Brexit and your IP: FAQs


The UK left the European Union on 31 January 2020, and the withdrawal finally took effect, for IP rights, on 31 December 2020.

This means that for IP matters, EU law no longer applies to, or in the UK.

With offices in the UK and Germany, Forresters continues to represent our clients seamlessly before the EUIPO. Our service remains unaffected by Brexit.

What IP rights have been affected by Brexit?

EU trade marks and EU registered design rights have been affected. Since the expiry of the transition period, on 31 December 2020, new EU trade marks and EU registered designs are no longer effective in the UK. For a trade mark or design to be recognised in the UK an application will now need to be filed at the UK Intellectual Property Office (UKIPO).

Patents have not been affected by the UK’s departure from the EU, at all. There are no EU level rights for patents at present. The European Patent Convention, which governs the granting of European patents, is not a piece of EU legislation and so no action is required in this sense.

Have my EU trade mark rights ceased to exist?

No, your EU rights continue to exist. Now that the transition period has ended, the UKIPO has automatically created equivalent UK trade marks for all EU trade marks that were registered (i.e. granted) before the end of 2020, and no action is required on your part. These equivalent marks retain the filing dates of the original EU trade marks, and also retain any priority and/or seniority dates. Of course, your EU trade marks continue to exist as normal, with the only difference being that they will now cover the remaining 27 EU Member States, and not the UK.

The same has happened with EU registered designs – they have automatically been granted an equivalent UK national right. There should be no re-examination of any equivalent UK national rights (trade marks or designs) created under these provisions.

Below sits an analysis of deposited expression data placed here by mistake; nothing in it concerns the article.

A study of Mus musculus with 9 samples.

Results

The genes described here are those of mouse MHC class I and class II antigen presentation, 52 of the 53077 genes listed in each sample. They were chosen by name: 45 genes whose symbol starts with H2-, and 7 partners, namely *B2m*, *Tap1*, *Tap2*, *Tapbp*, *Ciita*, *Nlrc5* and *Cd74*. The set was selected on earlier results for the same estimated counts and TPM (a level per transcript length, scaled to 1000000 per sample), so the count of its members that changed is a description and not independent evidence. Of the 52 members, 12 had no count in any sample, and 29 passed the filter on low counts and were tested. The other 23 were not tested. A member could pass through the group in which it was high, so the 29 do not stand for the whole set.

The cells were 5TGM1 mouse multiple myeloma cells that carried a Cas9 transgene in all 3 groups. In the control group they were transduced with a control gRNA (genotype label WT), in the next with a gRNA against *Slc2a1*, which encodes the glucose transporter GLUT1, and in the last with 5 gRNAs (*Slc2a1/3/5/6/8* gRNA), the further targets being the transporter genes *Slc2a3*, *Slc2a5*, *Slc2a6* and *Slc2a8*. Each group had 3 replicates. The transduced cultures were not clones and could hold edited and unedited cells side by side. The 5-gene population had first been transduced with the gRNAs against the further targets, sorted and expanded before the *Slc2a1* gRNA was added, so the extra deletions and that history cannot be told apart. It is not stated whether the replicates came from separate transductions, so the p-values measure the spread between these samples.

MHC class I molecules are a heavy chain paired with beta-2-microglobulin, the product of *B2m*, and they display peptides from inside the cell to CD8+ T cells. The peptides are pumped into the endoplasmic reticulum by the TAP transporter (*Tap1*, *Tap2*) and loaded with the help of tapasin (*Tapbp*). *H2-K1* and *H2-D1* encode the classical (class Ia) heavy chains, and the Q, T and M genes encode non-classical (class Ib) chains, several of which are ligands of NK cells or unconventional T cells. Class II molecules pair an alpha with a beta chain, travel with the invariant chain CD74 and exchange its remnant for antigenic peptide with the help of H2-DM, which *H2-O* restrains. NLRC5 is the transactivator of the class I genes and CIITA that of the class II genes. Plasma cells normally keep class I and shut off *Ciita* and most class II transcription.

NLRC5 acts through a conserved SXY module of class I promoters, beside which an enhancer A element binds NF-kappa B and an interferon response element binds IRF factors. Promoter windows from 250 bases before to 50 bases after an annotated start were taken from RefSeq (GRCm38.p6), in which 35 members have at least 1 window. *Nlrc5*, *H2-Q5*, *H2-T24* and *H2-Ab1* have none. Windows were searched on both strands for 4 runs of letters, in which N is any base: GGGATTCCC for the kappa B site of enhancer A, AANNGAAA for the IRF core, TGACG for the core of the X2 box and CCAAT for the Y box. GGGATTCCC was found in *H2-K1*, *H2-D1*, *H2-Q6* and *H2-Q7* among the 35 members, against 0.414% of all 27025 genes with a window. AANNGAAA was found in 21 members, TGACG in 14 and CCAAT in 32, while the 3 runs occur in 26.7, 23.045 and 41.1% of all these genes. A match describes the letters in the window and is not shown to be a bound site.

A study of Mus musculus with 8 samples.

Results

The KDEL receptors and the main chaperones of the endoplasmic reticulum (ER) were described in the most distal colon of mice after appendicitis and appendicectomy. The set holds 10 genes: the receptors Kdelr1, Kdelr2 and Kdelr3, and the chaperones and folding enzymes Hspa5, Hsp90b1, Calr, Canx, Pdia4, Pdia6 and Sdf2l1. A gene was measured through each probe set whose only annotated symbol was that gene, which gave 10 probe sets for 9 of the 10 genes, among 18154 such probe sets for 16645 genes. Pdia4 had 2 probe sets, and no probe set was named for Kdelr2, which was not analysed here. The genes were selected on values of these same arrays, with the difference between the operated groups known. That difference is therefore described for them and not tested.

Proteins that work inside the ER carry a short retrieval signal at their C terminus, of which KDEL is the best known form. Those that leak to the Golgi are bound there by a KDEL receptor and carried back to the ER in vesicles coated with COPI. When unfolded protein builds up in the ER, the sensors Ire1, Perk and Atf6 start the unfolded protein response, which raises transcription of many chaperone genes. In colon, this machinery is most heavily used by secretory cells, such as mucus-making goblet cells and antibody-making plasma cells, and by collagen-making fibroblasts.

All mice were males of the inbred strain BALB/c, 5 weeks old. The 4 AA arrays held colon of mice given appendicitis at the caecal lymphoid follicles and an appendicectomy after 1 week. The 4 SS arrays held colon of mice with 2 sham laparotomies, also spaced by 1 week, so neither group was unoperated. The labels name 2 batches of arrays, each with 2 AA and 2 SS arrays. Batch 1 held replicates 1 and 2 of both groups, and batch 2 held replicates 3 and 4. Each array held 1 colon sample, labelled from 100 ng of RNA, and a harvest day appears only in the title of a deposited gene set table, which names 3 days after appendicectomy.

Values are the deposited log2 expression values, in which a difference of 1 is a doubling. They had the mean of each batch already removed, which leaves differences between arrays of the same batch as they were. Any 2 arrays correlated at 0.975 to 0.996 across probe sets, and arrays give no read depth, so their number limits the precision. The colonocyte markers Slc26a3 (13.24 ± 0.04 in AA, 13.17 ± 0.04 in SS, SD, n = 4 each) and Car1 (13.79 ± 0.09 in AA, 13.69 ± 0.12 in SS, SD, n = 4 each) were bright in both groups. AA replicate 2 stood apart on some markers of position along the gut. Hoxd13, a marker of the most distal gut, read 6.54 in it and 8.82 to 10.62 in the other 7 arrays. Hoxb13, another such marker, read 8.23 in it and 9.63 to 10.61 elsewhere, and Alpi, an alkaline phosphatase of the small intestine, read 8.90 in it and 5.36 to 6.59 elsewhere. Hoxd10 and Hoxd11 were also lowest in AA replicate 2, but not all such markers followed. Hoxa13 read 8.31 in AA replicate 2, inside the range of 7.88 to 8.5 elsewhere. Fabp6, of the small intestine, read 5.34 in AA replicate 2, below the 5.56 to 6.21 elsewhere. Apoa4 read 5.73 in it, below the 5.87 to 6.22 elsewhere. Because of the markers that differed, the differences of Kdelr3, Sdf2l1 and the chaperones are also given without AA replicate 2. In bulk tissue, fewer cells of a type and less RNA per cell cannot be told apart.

Will I receive a new registration certificate now that my new comparable UK right has been created?

No, the UKIPO did issue new registration certificates. You can view details of your new equivalent UK right on the UKIPO website.

What if I have a pending EUTM or EU Design at the end of the transition period, on 31 December 2020?

If your EU right was still pending on 31 December 2020, an equivalent right will not have been created automatically. Applicants had until 30 September 2021) to apply to register their EU right as an equivalent UK right. The equivalent right retains the same EU filing/priority date.

Will Brexit affect my International Registration?

Yes. Any International Registration designating the EU will now only be valid in the remaining 27 EU Member States, and will no longer have effect in the UK.

The UK automatically created UK national equivalent rights (not designations under the IR) for International registrations designating the EU. These equivalent rights retained the filing dates of the original International registrations, and also retained any priority and/or seniority dates.

For pending International applications, owners had until 30 September 2021 to file for equivalent UK rights while retaining the filing/priority date of the pending IR designating the EU. These international provisions apply both to trade marks and designs.

Do I need to do anything else?

To ensure that your UK protection is accurate and secure, we strongly suggest the following:

  • Ensure that you have accurate lists of all EU rights (including IR(EU) rights) which were granted before 31 December 2020, so that a check can be made for the proper creation of the cloned UK equivalents.
  • Check, carefully, that the UK cloned rights ‘mirror’ the original EU rights, in all respects.
  • Check – and double-check – that the cloned UK rights are specifically being monitored for renewals purposes (they will all now need to be renewed independently of the original EU rights); and
  • Appoint Forresters as your UK representatives for all the cloned rights, so that we safely receive/deal with all important UKIPO notices (which are still sometimes sent by post).

Please contact your usual Forresters attorney for further information, or if you have any questions.